Environmental scientists and ecologists at the University of Plymouth showed that browsing behaviour by livestock is a major determinant of the expansion and connection of fragmented temperate rainforests, like those over much of the South Island and southern North Island.

The study found the presence of livestock led to far fewer oak saplings surviving. When saplings did survive, they were smaller and in poorer condition, and seldom lived beyond eight years old without protection.

Interestingly, however, disturbance by grazing livestock may not be all bad and its precise impact may depend on surrounding plant species.

For example, although toxic bracken may help protect the youngest tree seedlings from grazing animals, too much bracken may reduce suitable conditions for oak sapling establishment due to increased competition for light. 

If carefully managed, trampling by browsing livestock such as cattle and ponies can open up areas of bracken and so help support the conditions for temperate rainforests to expand.

The planting of trees and an end to deforestation are increasingly being highlighted as low cost and environmentally sensitive mechanisms to combat climate change.

The measures have been factored into the net-zero agendas of many governments, with world leaders also pledging to address the issue during COP26 in Glasgow last year.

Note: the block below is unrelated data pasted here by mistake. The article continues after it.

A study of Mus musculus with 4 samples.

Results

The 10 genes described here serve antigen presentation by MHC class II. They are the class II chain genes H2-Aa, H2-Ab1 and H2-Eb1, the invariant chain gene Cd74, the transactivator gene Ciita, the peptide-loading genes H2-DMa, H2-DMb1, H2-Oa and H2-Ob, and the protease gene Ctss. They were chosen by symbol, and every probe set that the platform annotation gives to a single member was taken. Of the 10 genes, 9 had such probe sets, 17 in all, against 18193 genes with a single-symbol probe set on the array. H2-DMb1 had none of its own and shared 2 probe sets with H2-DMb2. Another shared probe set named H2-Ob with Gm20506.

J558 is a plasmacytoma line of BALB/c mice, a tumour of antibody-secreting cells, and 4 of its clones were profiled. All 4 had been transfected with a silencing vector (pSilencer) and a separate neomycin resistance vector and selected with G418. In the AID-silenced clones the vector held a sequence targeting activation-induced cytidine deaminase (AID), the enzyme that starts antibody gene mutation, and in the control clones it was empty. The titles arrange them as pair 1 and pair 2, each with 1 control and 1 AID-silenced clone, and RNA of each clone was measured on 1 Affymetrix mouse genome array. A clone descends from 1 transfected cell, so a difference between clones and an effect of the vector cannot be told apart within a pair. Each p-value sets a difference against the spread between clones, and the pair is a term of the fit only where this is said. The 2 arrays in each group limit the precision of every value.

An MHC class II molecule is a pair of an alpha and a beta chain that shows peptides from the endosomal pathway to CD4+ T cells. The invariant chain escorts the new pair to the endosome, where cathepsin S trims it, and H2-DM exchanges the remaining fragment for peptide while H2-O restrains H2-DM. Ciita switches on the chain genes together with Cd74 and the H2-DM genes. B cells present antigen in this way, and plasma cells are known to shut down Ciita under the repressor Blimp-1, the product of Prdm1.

The Plymouth research findings suggest the expansion of oak woodland into UK upland pasture systems is not a simple process. They may have a critical role to play, but these important temperate rainforests have been historically degraded and are now highly fragmented.

Reversing that trend is likely to require strategic planting and informed livestock management. Getting this right, however, will warrant a delicate balancing act and close cooperation with a range of stakeholders, including particularly landowners and graziers, at a time when upland farms are facing severe financial pressures and there are ongoing changes in incentives.

The research is published in Ecological Solutions and Evidence, a journal of the British Ecological Society, and makes a series of recommendations for landowners and policy makers:

Livestock grazing particularly cattle should be encouraged close to adult trees at the edge of woodlands as they reduce dense and competitive vegetation.

On sites where seedlings and saplings have colonised, livestock should be excluded for a minimum period of 12 years to increase sapling survival, growth and establishment.

On upland valley slopes where current ecosystem services provision is low and tree establishment is required for connecting woodland habitat and rapid soil hydrological recovery. Strategic planting and grazing management schemes should be encouraged.

Older and larger saplings could be planted directly into areas where dense vegetation protects saplings from animal livestock.

The research team has previously shown that the planting of native woodlands in higher areas could play a significant role in preventing the flash flooding which has increasingly affected rural communities.